Trump: Blame Judge Robart if 'Something Happens'


President Donald Trump on Sunday ramped up his criticism of a federal judge who blocked a travel ban on seven mainly Muslim nations and said courts were making U.S. border security harder, intensifying the first major legal battle of his presidency.

In a series of tweets that broadened his attack on the country's judiciary, Trump said Americans should blame U.S. District Judge James Robart and the court system if anything happened.

Trump did not elaborate on what threats the country potentially faced. He added that he had told the Department of Homeland Security to "check people coming into our country VERY CAREFULLY. The courts are making the job very difficult!" He added that he, "Just cannot believe a judge would put our country in such peril. If something happens blame him and court system. People pouring in. Bad!"

The Republican president labeled Robart a "so-called judge" on Saturday, a day after the Seattle jurist issued a temporary restraining order that prevented enforcement of a 90-day ban on citizens from Iran, Iraq, Libya, Somalia, Sudan, Syria and Yemen and a 120-day bar on all refugees. A U.S. appeals court later on Saturday denied the government's request for an immediate stay of the ruling.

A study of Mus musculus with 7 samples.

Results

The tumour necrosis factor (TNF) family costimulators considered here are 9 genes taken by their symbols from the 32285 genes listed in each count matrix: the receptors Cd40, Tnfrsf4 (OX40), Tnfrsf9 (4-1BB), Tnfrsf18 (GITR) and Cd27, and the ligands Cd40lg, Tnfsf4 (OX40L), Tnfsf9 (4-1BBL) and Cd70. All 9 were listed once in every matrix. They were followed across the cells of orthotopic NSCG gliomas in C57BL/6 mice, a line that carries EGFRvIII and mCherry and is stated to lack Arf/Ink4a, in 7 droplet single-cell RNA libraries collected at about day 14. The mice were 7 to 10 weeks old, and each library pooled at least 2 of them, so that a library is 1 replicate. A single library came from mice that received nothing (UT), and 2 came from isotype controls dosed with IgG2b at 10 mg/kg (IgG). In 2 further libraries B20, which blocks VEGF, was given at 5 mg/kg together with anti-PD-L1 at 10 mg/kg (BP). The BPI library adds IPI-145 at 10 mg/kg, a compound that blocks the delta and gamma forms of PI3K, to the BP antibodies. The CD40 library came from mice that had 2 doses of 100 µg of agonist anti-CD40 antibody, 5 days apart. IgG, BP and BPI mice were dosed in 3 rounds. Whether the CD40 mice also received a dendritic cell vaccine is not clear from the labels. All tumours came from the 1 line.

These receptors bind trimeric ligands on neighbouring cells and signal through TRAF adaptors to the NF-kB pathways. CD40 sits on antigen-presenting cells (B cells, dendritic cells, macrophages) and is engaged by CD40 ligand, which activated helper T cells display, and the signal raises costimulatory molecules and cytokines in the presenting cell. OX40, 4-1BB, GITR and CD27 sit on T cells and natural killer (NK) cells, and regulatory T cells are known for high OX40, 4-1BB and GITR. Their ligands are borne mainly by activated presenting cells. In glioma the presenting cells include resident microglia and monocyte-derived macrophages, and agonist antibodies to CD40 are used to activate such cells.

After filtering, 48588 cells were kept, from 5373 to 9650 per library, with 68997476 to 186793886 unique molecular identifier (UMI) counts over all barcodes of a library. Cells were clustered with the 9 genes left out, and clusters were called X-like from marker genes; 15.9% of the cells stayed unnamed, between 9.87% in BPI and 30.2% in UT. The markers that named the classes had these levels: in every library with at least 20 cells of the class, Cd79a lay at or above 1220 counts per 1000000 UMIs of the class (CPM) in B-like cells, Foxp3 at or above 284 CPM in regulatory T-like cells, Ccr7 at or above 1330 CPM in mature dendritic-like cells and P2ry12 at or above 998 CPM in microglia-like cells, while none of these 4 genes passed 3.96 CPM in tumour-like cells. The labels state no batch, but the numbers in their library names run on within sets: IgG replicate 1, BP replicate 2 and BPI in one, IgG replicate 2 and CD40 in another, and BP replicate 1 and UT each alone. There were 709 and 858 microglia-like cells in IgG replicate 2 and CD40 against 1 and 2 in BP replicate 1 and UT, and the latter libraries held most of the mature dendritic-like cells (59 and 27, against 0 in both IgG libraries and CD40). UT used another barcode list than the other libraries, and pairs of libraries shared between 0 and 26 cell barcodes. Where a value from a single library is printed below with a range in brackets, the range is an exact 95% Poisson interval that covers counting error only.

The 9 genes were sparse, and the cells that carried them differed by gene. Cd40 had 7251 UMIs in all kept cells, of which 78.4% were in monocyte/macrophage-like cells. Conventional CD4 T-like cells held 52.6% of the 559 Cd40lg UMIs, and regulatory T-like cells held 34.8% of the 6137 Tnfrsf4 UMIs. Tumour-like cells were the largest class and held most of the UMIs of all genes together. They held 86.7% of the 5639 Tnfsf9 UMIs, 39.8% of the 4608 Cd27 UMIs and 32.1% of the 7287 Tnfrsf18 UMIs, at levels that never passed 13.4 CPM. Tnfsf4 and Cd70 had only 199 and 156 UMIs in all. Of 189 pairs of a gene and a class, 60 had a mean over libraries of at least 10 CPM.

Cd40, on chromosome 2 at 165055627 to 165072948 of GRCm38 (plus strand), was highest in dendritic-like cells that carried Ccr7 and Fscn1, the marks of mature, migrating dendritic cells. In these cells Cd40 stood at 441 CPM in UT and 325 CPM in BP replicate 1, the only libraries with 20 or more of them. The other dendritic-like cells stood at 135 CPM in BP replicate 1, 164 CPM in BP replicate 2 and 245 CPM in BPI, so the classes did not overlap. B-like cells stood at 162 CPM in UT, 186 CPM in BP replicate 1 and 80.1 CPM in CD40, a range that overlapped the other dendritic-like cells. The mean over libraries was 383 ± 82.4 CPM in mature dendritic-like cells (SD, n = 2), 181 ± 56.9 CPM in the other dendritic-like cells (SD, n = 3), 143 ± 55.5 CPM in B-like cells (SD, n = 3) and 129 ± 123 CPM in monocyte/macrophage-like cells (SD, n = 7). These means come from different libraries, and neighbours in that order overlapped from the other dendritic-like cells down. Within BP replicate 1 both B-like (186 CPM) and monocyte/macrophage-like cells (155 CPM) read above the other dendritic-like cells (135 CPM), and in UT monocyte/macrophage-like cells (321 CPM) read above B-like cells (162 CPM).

Vice President Mike Pence defended Trump earlier on Sunday, even as some Republicans encouraged the businessman-turned-politician to tone down his broadsides against the judicial branch of government.

"The president of the United States has every right to criticize the other two branches of government," Pence said on NBC's "Meet the Press" program.

The ruling by Robart, appointed by former Republican President George W. Bush, coupled with the decision by the 9th U.S. Circuit Court of Appeals in San Francisco to deny the government's request for an immediate stay of the ruling dealt a blow to Trump barely two weeks into his presidency.

It could also be the precursor to months of legal challenges to his push to clamp down on immigration, including through the construction of a wall on the U.S.-Mexican border, and complicate the confirmation battle of his U.S. Supreme Court nominee Neil Gorsuch.

The Senate's top Democrat, Chuck Schumer, said on Saturday that Gorsuch, a conservative federal appeals court judge from Colorado, must meet a higher bar to show his independence from the president.

Trump, who during his presidential campaign called for a temporary ban on Muslims entering the United States, has vowed to reinstate his controversial travel ban. He says the measures are needed to protect the United States from Islamist militants. Critics say they are unjustified and discriminatory.

The legal limbo will prevail at least until the federal appeals court rules on the government's application for an emergency stay of Robart's ruling. The court was awaiting further submissions from the states of Washington and Minnesota on Sunday, and from the federal government on Monday.